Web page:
It is undoubtedly the case that orthodox Judaism discriminates against women--they are not ‘equal,’ they cannot divorce their husbands, and they can be trapped when the husband will not divorce them, though he is technically free to remarry. In orthodox communities women do not lead the services, although in the United States at least that is beginning to change.
- Guest Voices
For Jewish women, slow but genuine progress
It was something of a surprise, therefore, to find the Jewish community in Britain electing Laura Marks as its senior vice president of the Board of Deputies, the representative organization for Jews in the United Kingdom. Laura’s support must have come from many people who were not Reform, Liberal or Conservative Jews, nor others outside the orthodox majority. She got a huge vote, and she got it in the wake of having chaired the Commission on Women in Jewish Leadership, which was set up to see why women were so invisible in Jewish organizations. She argued that she “set up a commission, but it became a movement . . . So many commissions operate without other people even knowing they are happening. Others generate interest in their topic. That’s what we have done . . . This is not the end of the process but the beginning.”
She is clearly not an orthodox Jew. Indeed, she prides herself on her Reform Jewish status, where equality for women is a given, intellectually speaking, but not always carried out in fact. But she has by very careful analysis of how women are asked to play roles within the Jewish community, from religious to secular, from organizational to simple volunteering, made a powerful case for change. And she has also made it clear that the problem is not a generational one, and that Jewish students’ organizations are just as unlikely to pick a woman president as old fashioned synagogues or social institutions!
But without doubt her own background, where equality was a given, where she was free to read from the Torah (five books of Moses, a role not given to women in orthodox synagogues) and hold her own in debate strengthened her for her task. As a result, she has become a recognized leader and people listen to her. They do not always agree- men and women alike. But they do listen.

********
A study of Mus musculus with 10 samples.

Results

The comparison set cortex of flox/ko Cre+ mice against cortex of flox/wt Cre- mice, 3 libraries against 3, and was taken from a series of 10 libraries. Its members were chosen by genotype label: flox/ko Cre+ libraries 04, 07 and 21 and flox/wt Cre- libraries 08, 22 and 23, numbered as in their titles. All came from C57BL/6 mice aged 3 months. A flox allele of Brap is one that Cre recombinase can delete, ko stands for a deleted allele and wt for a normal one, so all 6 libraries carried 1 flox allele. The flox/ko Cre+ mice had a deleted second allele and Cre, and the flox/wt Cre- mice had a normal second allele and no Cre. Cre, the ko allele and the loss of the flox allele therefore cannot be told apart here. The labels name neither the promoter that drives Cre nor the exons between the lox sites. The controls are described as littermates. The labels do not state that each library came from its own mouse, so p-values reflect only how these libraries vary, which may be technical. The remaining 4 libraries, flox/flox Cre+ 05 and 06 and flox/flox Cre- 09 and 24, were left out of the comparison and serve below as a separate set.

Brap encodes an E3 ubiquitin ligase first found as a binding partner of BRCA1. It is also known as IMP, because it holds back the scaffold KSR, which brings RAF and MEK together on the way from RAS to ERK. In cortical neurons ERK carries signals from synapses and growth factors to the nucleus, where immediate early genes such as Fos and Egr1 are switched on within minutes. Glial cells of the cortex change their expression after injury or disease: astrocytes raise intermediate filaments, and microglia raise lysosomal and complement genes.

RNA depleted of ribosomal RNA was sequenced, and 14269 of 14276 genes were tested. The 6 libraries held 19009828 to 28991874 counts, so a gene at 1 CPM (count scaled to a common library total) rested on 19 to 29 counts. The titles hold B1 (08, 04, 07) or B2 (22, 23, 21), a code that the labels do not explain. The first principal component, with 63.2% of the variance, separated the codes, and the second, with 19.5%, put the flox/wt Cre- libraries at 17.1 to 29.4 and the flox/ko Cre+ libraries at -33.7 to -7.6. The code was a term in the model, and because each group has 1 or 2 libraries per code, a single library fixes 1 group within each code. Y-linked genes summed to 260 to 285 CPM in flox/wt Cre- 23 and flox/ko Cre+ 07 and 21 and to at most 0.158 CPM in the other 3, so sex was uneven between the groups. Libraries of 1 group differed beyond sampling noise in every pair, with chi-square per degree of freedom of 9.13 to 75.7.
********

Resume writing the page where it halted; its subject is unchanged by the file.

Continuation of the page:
And so it is possible to argue that, from a background within that section of Judaism that does promote women’s equality and which welcomes me as a Senior Rabbi, there has come a leadership that is reaching out to the whole community. We are seeing it with Laura Marks. We are seeing it with girls in orthodox synagogues complaining that they are not encouraged to learn sufficiently to be Jewishly competent, and we are seeing it with women gradually taking their places on the boards of synagogues, not just in the kitchen--and that includes the very orthodox!
All of this is progress, slow but genuine. It comes because the leadership of women who are not orthodox has made those who are uncomfortable and angry. And, without stridency, they have made their views felt, and they are becoming more visible. The battle is not over yet. But the progress so far is considerable. And that has to be good for women.
Julia Neuberger is Senior Rabbi, West London Synagogue, independent member, House of Lords, social justice campaigner and broadcaster.